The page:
Three “Data” items today:
Topic #1: Today’s US equity market rout was caused by disappointing earnings over the last 2 days at major retailers like Walmart and Target, which supports our ongoing belief that market expectations for S&P 500 earnings are still too high. Looking through the WMT and TGT press releases, the following items caught our eye:
- Walmart reduced its Q2 earnings per share guidance to “flat to up slightly” from “increase low to mid-single digits” as compared to last year. It also cut its whole-year 2023FY EPS guidance to down 1 percent growth from a mid-single digit percentage increase versus prior year. Worth noting: WMT raised its revenue guidance for the year, from 3 percent to 4 percent growth.
- Target gave Q2 operating margin guidance of “in a wide range” centered around Q1’s 5.3 percent. Margins in last year’s Q1 were 9.8 percent. The company’s guidance for 2023FY operating margins is much lower: just 6 percent.
We show you this FactSet chart of trailing/actual and projected S&P 500 EPS estimates almost every Sunday, but it is worth looking at again today. It shows that S&P 500 earnings had been steadily improving from their pandemic-hit lows in 2020 and EPS the last 2 quarters (Q421 and Q122) hit an average of $54.65/share. That is a record, and 35 percent better than the 2018 – 2019 average quarterly earnings run rate of $40.59/share.
The problem lies in the Q3 – Q4 2021 estimates, which average to $60/share in S&P 500 EPS. That implies 10 percent earnings growth from the Q4-Q1 run rate. Yes, there is some seasonality to S&P earnings, but it’s more like 3 percent through a year – not 10 pct. And… That assumes a stable operating environment, not one with the sorts of inflation and supply chain pressures so vividly present in the Walmart and Target earnings reports.
As for what all this means to stock prices:
- If the S&P earns $220/share in 2022 (4x the Q4-Q1 run rate, rounded up), the index is trading for 17.8x this year’s earnings based on today’s close.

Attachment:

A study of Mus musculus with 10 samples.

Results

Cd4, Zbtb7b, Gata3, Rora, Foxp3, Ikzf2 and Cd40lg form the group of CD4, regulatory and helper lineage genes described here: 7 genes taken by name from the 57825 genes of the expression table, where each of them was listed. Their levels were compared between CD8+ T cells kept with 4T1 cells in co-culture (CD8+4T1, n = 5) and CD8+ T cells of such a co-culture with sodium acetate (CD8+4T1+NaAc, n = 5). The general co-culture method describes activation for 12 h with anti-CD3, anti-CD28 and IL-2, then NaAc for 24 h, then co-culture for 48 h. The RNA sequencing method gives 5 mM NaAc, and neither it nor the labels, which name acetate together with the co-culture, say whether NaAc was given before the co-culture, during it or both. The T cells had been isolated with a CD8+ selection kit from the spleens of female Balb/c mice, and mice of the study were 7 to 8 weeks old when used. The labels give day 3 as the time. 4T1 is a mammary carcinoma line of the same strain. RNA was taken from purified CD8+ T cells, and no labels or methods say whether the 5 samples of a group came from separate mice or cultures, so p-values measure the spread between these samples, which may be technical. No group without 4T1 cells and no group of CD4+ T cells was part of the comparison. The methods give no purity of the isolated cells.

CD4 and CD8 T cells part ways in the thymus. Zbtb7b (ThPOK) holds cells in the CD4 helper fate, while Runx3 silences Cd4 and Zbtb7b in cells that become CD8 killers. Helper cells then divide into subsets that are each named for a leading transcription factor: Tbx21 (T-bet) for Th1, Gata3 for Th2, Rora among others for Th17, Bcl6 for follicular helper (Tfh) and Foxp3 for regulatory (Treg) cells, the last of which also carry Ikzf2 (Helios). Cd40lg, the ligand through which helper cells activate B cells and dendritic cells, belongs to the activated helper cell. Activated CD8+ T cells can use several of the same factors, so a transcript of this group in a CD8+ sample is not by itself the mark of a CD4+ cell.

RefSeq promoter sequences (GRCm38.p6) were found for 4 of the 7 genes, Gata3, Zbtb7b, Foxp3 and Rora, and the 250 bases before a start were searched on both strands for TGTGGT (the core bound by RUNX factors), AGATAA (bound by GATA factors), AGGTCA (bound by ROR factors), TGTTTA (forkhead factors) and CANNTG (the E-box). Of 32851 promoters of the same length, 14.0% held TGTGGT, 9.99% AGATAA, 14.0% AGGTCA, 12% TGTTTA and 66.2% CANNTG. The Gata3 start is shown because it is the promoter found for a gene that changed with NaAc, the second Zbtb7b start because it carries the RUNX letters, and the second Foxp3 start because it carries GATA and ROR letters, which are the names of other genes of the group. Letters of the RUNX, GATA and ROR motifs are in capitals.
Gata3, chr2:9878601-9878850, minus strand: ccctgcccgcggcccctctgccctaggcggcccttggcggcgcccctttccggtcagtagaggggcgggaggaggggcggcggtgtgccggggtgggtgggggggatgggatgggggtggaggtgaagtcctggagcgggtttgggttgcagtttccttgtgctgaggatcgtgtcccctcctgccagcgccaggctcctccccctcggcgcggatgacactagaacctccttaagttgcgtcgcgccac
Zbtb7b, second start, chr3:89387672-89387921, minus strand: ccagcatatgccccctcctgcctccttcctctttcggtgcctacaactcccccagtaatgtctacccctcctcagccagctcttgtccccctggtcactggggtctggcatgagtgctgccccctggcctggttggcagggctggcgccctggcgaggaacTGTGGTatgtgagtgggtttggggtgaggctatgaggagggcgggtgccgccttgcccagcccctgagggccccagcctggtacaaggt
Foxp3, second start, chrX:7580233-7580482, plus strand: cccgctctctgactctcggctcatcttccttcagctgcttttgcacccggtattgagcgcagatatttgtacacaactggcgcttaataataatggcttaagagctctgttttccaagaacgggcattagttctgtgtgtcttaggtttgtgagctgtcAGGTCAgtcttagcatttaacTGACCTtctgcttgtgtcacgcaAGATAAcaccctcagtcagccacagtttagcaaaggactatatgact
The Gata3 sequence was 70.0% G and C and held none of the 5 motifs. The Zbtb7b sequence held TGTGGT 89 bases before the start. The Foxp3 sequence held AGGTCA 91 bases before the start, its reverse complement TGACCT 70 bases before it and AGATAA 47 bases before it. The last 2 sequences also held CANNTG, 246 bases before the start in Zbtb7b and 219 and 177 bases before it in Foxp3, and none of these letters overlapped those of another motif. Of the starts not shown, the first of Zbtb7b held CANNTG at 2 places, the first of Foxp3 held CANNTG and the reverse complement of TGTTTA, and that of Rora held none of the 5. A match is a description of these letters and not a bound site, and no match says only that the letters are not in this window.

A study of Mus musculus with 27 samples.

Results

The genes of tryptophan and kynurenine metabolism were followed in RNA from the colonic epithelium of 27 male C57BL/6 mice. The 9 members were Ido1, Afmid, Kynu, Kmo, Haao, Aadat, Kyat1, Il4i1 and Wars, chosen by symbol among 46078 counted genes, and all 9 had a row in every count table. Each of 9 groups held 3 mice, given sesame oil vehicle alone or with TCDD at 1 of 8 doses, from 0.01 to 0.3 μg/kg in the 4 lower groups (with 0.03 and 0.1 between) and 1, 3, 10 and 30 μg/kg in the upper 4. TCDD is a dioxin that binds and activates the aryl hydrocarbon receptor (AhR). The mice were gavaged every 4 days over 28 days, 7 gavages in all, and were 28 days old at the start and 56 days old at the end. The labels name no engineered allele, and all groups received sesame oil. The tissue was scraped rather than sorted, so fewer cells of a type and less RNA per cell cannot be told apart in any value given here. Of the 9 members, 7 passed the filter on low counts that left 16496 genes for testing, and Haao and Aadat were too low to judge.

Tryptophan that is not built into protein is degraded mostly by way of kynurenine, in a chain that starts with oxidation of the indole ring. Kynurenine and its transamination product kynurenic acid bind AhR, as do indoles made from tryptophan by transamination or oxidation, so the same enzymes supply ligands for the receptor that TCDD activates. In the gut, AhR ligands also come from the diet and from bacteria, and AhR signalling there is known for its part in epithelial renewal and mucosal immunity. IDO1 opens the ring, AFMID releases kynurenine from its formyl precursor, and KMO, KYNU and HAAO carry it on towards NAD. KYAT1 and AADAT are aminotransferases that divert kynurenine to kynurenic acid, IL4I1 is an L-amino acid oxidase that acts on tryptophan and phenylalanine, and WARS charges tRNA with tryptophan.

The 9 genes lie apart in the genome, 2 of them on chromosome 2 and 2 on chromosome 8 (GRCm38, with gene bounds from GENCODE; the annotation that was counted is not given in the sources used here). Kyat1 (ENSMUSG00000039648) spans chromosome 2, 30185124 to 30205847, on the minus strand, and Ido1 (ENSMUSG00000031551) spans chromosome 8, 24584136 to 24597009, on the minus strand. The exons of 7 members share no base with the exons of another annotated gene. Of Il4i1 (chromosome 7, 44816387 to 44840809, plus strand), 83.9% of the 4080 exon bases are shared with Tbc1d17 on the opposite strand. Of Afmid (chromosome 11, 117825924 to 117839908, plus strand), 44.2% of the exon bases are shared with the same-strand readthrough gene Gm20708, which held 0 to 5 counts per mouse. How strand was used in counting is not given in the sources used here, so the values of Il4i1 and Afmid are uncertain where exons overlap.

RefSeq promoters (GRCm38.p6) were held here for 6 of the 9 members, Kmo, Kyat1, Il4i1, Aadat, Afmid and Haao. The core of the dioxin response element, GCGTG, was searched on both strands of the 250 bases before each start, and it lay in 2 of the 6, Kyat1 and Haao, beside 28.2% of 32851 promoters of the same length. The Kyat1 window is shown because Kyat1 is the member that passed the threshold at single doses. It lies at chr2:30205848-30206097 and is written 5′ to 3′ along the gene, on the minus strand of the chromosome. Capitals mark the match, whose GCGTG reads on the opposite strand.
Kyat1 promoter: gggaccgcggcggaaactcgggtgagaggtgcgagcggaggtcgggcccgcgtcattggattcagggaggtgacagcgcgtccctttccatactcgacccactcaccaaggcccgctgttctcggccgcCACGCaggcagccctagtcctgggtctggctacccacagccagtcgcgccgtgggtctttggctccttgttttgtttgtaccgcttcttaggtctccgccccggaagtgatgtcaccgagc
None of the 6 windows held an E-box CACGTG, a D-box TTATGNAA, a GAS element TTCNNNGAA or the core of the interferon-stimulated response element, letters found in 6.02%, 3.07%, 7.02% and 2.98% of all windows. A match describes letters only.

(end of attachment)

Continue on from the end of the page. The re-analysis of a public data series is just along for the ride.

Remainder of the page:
- That 17.8x multiple is fairly close to what you’d expect using the old Wall Street “rule of 20”, which says inflation expectations plus the S&P PE ratio equals 20 over time. Current 10-year inflation expectations are 2.7 percent, making 17.3x notional “fair value”.
- If you want to be precise about this admittedly rough analysis, the S&P should trade to 3,806 (17.3 times $220/share). That is 3 percent below today’s close.
The bottom line is that, broadly speaking, the S&P 500 now discounts no further growth in earnings power beyond what we’ve seen in Q4/Q1, but that does lead to the harder question of “where does the index go if markets start to think earnings are set to decline?” After today, it is a fair point to consider. Some simple math using the same 17.3x multiple outlined above:
- Earnings decline 5 percent (to $209/share): S&P at 3,616, down 8 pct from today
- Earnings decline 10 percent (to $198/share): S&P at 3,425, down 13 pct
- Earnings decline 15 percent (to $187/share): S&P at 3,235, down 18 pct
Before we wrap up, keep in mind that even the worst scenario listed above ($187/share) still has the S&P 500 earning 15 percent more than 2018 – 2019’s average of $162.35/share. It is not a “disaster” scenario, and nor does it even match the typical 25 percent decline in S&P 500 profits during a recession. That would be $164/share, or almost exactly what the index earned in each of the 2 years before the pandemic.
Takeaway: markets have given up on the idea that S&P earnings will grow from here but have not yet discounted any chance they will decline. We are not inclined to think profits will erode considerably, but we also know asset prices swing over the short term on sentiment rather than math.
We remain cautious on stocks and are waiting for either a 36-44 reading on the CBOE VIX Index or the second and subsequent down 5 percent days to get more positive. The latter is our framework for investing in crisis markets. It looked like we might hit the first down 5 percent S&P day today, but for better or worse it did not happen. Such an event, however, remains a distinct possibility.